Monday, 15 July 2019

Book Review: The Outraged – Times of Strife, by Aditya Sudarshan

I just finished reading Times of Strife, the second book in Aditya Sudarshan’s The Outraged series. The first volume, Times of Ferment, had come out a little over a year ago. My verdict? Another excellent, muted outburst by Sudarshan.

In Times of Strife, the liberals decide to strike back against the right-wing fanatics who have taken over the country. Ahishor Frances is the leader of the liberal pack, having proclaimed his Manifesto, which draws inspiration from the likes of John Dos Passos, Hans Andersen, John Stuart Mill, Tostoy and Martin Luther King Jr., and proposes a (liberal) way forward for the nation. Ahishor is supported by the liberal set which is now willing to shed sweat, blood and tears for their cause. The best thing about Ahishor is that he is squeaky clean, with no skeletons in his closet and his willingness to call a spade a spade, even when the spade happens to be a close friend or family member.

However, in Sudarshanland, things are never what they appear to be on the surface. To start with, liberals comes in various shades and hues. Are all liberals so very different from the right-wing fanatics from whom they wish to rescue the nation? Godman Narayanan, who squares off against Ahishor and his step-father Karim, is no pushover and holds his own. The beautiful Maithili Krishnan who has fallen into the clutches of Narayanan, seems to have gone into the Godman’s den voluntarily. Does Ahishor have a personal agenda when targeting Narayanan? Do the liberals need to be rescued from extreme liberalism?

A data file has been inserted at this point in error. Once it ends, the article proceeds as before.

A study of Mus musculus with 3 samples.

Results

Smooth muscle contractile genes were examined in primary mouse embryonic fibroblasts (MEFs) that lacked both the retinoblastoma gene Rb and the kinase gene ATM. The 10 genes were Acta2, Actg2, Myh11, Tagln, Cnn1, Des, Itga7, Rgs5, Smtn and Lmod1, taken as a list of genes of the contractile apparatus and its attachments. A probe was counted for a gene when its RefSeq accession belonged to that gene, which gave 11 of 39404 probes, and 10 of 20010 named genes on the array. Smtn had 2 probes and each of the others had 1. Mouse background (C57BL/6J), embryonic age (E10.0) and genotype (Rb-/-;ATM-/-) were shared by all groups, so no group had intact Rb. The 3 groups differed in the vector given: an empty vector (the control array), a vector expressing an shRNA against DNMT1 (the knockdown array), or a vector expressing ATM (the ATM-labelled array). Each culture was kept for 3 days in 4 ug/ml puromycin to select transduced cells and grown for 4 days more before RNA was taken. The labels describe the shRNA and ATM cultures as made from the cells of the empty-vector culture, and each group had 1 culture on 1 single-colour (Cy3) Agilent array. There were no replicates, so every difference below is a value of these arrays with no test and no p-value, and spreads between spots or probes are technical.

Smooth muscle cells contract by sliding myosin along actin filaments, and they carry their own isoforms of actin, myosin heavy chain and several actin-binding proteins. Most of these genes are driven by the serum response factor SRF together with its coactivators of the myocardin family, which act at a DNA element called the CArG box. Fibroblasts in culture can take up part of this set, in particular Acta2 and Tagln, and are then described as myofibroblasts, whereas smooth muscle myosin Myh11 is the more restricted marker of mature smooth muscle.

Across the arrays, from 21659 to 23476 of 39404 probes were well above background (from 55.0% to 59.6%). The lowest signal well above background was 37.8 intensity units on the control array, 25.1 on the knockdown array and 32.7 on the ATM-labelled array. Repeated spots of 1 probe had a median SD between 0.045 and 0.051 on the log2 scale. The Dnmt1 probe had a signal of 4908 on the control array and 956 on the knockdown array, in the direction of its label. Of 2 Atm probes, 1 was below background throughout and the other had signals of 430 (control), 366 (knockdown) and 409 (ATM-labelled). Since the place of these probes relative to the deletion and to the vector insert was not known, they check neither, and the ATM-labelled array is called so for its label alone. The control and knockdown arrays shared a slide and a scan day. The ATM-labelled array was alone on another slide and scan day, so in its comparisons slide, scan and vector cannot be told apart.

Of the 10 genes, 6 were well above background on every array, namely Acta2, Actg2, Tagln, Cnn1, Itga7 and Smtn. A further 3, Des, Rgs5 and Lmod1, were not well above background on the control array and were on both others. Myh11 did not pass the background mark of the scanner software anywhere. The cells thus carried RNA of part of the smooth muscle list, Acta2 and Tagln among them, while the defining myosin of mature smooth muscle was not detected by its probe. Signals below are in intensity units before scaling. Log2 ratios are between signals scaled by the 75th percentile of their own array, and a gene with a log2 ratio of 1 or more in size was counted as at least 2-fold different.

What I liked most about Times of Strife, other than the subdued beauty of Sudarshan’s prose, are the sharp twists and turns in the story as one drives along on Sudarshanway. A young lady Ruhi Khanna accuses director Pankaj Pande of sexual harassment. Is Pankaj actually guilty of harassment or is it an affair gone wrong? As the story develops, one gets to know of more facts regarding this distressing case, which complicates the picture even further. Most importantly, until the end, Sudarshan keeps his reader guessing about the outcome of the left wing versus right wing war. A couple of times, I even wondered which side Sudarshan is on, he’s that even-handed and fair.

Sudarshan’s writing style reminded me a bit of classical writers like Charles Dickens and Mark Twain. Even though the story does not pick up tempo until one crosses the half-line, one does not feel like putting down the book, mainly because Sudarshan has such an easy way with words, without any unnecessary frills. Do pick up a copy and read, your money won't be wasted, I assure you.

Not counting Times of Ferment, Sudarshan has published three other novels, namely A Nice Quiet Holiday, Show Me A Hero and The Persecution of Madhav Tripathi.